Hadrian’s Wall Path had gone on and off our list of ‘must do’ hikes in England several times. The reasons it had been on the list were obvious – it’s a path which follows a Roman wall built more than 18 centuries ago crossing from one side of the country to the other. The reasons it had gone off the list may be less obvious. For us the big problem with the walk was that it was largely urban, passing through two large cities with a long stretches on asphalt (not really our cup of tea). Combine this with the absence of any wall on large sections of the Path and the proximity of roads even when you weren’t walking on them and we had all but decided to give the whole thing a miss. That decision was, however, reversed when we met an English rambler on St Cuthbert’s Way who insisted that the section of Hadrian’s Wall Path below Northumberland National Park largely avoided these problems and should not be missed. Turns out he was right.
What and where.
Hadrian’s Wall Path is an 85 mile (137km) national trail in the north of England which traverses the country from Wallsend on the east coast to Bowness on Solway on the west coast. The trail keeps as close to the line of the Wall as possible (even where it no longer exists).
Best time of year.
The voluntary code of practice for walkers requests that the path not be walked during the wet winter months because of risk of damage to the trail and Wall.
The Wall was constructed in the 120s during the reign of Emperor Hadrian and ceased operation in the 5th century. The reason the Wall was built is the subject of academic debate. The Scriptures Historiae Augustae supports the commonly held view that the Wall was built to keep the Picts out of Roman Britain stating that it “was to separate the barbarians from the Romans.” Other reasons put forward include that it was an expression of Roman power and that it was to aid in the control of immigration and customs.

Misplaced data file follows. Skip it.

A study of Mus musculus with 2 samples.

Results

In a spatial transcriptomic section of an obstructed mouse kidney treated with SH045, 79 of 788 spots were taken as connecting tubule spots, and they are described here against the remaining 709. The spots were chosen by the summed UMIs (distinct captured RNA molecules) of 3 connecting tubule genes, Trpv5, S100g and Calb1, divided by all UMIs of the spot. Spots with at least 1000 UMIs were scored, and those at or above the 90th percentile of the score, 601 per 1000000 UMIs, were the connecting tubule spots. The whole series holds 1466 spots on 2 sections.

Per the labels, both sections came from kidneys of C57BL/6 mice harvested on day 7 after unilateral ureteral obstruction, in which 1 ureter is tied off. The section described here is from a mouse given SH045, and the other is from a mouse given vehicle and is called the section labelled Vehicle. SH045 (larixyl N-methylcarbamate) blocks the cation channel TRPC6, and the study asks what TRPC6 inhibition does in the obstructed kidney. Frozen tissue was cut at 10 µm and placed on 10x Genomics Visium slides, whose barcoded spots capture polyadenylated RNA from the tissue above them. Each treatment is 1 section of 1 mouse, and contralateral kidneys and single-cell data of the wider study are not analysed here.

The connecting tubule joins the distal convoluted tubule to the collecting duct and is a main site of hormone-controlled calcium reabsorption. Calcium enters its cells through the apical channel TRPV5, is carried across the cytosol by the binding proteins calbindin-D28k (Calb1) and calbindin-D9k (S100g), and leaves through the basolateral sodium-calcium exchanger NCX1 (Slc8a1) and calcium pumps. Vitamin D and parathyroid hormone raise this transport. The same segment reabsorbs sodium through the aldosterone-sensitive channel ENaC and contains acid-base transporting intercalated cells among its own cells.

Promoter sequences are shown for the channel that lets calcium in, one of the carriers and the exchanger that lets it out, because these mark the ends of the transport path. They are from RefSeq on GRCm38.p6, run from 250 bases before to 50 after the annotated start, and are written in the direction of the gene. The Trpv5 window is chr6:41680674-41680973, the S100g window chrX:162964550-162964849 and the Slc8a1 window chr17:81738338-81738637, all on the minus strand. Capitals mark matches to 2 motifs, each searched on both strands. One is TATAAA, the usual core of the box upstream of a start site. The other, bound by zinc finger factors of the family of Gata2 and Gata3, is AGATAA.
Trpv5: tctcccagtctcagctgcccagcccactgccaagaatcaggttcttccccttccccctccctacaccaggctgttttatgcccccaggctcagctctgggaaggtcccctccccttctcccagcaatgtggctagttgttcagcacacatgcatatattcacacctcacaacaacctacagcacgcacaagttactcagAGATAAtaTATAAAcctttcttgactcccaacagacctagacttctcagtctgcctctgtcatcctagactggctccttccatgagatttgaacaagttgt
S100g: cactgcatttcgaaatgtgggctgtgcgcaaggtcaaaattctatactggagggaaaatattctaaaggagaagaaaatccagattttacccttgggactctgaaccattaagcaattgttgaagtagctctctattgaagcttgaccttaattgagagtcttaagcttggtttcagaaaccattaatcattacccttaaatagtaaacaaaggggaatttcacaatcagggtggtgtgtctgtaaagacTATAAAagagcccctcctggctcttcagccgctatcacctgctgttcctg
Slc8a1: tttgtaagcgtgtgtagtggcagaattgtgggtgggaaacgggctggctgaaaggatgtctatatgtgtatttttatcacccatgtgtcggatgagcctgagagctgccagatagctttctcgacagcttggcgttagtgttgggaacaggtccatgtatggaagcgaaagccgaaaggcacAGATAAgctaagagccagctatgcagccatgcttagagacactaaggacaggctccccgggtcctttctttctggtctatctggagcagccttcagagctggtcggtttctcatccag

By 410AD, however, those reasons no longer applied, the Romans having withdrawn their administration and military from Britain. Archaeologists believe that parts of the Wall continued to be occupied into the 5th century, but from that point it began its long decline with stones from the Wall being removed for other construction. The rate of removal increased in the 18th century with the stone being used for road building and, in particular, the military road used to transfer troops to crush the Jacobite insurrection. That any of the Wall remains today is largely down to the efforts of one man, John Clayton. After inheriting an estate which included a section of the Wall he became obsessed with its preservation and in the 1830s he gradually purchased additional tracts of land so that he could protect and preserve it.
In 1987 Hadrian’s Wall was declared a World Heritage Site. Hadrian’s Wall Path was officially opened in 2003.
Construction of the Wall.
The Wall was built over about 10 years by three legions (15000 men). The width of the Wall varied between 8 and 10 feet and required around two million tonnes of stone. The structure also incorporated forts (every 5 miles), milecastles and observation towers. On the northern side of the Wall ran an additional defensive structure, a V ditch, and on the southern side a military road and further double banked ditch. Today the Wall that remains is a bit of a composite construction having been consolidated and repaired over the years. In many places there is no Wall at all and in others all that remains is a ditch. The remains of forts and milecastles can be seen at various locations – the best structures are probably Birdoswald, Housesteads and Chester.
We walked the following sections of the Wall between Brocolitia and Birdoswald as out and back day walks (so if doing this double each distance):
- Brocolitia – Housesteads 8.6km
- Housesteads – Steel Rigg 5km
- Steel Rigg – Walltown Crags 9.6km
- Walltown Crags – Birdoswald 5.9km.